2011 Troy River Street Festival

Troy River Street Festival

Saturday, June 18, was the 7th annual River Street Festival in Troy, a free 8 hour event with food, music, and vendors. This year the weather cooperated beautifully — maybe a bit too beautifully if you ask my sunburn — fortunate because the highlight is the street chalk drawing competition hosted by the Arts Center of the Capital Region. Congrats to Brian Barker who won 1st place in the adult category, unfortunately I don’t have a photo of his work.

Troy River Street Festival

All Over Albany sponsored an entry, and you may recognize Casey’s beautiful chickadee print. Yep, she had donated a few prints to Art for ALS too. That’s her above, doing her thing, her theme was a bird sitting on Albany’s iconic Egg. The chalk art is more stunning each year, but the whimsical entries get a lot of attention, like one 12 year old’s Angry Birds interpretation.

Troy River Street Festival

The River Street Festival boasts three stages, a main stage, local stage, and one for the kids. Add great food carts to the restaurants already on River Street, a beer truck, local crafts vendors, and a gorgeously sunny afternoon and you end up with a lot of people. If you follow my friend Sebastien, you’ve read that he’s trying his hand at street photography with some new gear. It’s something I’ve been working on for a while now also, in fact I’ve been a street dilettante ever since I grabbed a DSLR, but I’ve been a bit more focused for the last year or so. The reason I haven’t written much about it is that frankly my results just aren’t that good. But the crowd at the festival gave me a chance to practice.

Troy River Street Festival 2011

Street is one of the least gear-obsessed genres of photography; sure there’s a certain reverence for Leicas but there’s not the constant prattle about lenses, high-ISO performance, ballheads, frames per second, or polarizing filters you get in, say, nature or sports photography. Just pick up a camera and go. That said, allow me to indulge a bit. Sebastien bought the shiny Fuji X100 to have a smaller, more discreet package; I’ve gone in the entirely opposite direction and not only haul out the huge, loud, ugly 5D, but throw a flash unit on top. It says yes, I’m taking your picture, and you’ll even know exactly when I take it. No tricks, no shame, no hiding it. In fact, I think trying to be at all sneaky is an admission of guilt in itself, and there’s nothing wrong with taking photos of people in public.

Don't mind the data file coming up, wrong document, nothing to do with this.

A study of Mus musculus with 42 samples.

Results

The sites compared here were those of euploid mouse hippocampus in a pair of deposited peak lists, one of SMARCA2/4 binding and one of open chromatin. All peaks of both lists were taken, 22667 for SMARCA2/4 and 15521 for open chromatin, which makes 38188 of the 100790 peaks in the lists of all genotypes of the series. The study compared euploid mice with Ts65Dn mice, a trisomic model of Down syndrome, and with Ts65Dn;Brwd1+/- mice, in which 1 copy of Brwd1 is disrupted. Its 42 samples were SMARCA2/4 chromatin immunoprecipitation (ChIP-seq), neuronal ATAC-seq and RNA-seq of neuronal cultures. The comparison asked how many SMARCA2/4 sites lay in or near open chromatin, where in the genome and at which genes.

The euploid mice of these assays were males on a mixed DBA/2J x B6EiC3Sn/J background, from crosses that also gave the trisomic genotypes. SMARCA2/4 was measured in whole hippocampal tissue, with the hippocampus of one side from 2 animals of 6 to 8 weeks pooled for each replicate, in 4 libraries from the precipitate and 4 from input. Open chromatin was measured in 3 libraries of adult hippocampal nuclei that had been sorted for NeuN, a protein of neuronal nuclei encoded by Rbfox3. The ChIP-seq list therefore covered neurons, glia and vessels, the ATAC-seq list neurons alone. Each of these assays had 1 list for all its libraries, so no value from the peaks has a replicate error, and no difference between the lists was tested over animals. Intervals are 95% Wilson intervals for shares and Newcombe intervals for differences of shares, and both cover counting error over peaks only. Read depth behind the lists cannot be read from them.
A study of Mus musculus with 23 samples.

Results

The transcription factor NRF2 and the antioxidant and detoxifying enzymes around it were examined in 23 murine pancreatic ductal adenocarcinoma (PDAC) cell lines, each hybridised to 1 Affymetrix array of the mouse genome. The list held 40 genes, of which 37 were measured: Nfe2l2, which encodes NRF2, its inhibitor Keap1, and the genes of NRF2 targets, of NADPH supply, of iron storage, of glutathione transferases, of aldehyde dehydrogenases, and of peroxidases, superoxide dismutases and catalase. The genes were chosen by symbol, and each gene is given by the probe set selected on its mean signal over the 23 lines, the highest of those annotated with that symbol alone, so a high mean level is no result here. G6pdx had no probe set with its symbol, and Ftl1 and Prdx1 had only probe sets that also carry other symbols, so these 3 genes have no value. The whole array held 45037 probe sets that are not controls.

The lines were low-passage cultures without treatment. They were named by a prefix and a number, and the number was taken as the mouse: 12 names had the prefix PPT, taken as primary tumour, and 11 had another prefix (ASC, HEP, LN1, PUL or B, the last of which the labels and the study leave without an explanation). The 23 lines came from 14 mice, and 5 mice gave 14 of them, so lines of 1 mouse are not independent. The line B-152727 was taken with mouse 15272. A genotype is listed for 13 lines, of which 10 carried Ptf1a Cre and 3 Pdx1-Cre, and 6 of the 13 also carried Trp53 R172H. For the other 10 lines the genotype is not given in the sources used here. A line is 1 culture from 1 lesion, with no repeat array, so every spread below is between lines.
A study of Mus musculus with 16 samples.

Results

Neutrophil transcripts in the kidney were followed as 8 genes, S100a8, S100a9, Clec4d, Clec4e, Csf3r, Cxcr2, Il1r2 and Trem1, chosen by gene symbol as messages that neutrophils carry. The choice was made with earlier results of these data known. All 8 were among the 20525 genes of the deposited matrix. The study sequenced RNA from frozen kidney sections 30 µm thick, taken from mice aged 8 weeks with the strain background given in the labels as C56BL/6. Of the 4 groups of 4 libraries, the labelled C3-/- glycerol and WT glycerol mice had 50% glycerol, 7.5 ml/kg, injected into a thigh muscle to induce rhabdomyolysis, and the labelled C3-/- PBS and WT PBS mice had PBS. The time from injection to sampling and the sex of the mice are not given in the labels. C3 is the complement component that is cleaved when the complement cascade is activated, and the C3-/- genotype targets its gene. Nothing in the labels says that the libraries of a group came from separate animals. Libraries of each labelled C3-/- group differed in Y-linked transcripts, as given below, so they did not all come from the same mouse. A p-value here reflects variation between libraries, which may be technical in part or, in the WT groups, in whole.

Troy River Street Festival 2011

But that’s the beauty, almost any camera short of maybe a pinhole can work and there are as many different approaches as there are photographers. On the 5D I have the Canon 28-105mm USM lens, which is nothing special, in fact it’s a discontinued kit lens from Canon’s mid-range cameras. For street shooting, I set it at 35mm (I’d like to use a 35mm lens but the zoom is nice for quickly switching style), set the camera to shutter priority at 1/200th (max flash sync speed), dial down the flash exposure by 1 stop, set ISO to give me at least f/9, and put the lens into manual focus. Wait, what? Daytime flash, manual focus? The flash is just enough to fill in and take a bit of the harsh edge off midday shadows, and no matter how fast your camera and lens, autofocus will slow you down just enough that you may miss “the moment”. At f/9 and higher, I can preset the lens, a.k.a. zone focus, and get a depth of field from somewhere around 5 feet to infinity. From there, all I have to do is frame and shoot.

Troy River Street Festival 2011

Okay, sorry about all that. I had a good time shooting at the festival, and am happy with some of the results. The idea, for me, is to freeze some part of the human condition, maybe someone who looks interesting, or a scene that says something about either the people in it or the people viewing it (preferably both). On top of that, it should be aesthetically appealing, which is where the real difficulty lies. It’s hard for me to evaluate whether or not I actually did any of that, because I was there and have my own memory of what was happening at the time. I don’t think I’ve quite hit the mark yet but hopefully the photos are at least fun to look at. Some of them are much better when you click through and view large, consider these previews.

Troy River Street Festival 2011

So that’s the River Street Festival. As always I have a slideshow with more photos, and you can see Sebastien’s set too. We walked together mostly, which must have been a little extra bizarre to people watching us photograph them or others, since we chose some of the same subjects. The Exile in NY has a set and Flickr user pearl.higgins has some nice photos of the chalk art from an artists’ perspective too, and I’ll update as I see more photos — also when I find out who the other winners are. I hope you enjoy looking at the photos as much as I enjoyed taking them.

Troy River Street Festival Troy River Street Festival
Troy River Street Festival 2011 Troy River Street Festival 2011

3 thoughts on “2011 Troy River Street Festival

  1. ned

    I was really impressed with a lot of the work that was done, and it was such a beautiful day for it.

    Great pictures!

  2. Anonymous

    I just want to also note, that you make reference to Brian Barker, who won the Judge’s Choice first prize. There was also a People’s Choice award, which is the same value as the Judge’s Choice. That prize was awarded to Kelly Salerno, who is shown in your first photograph.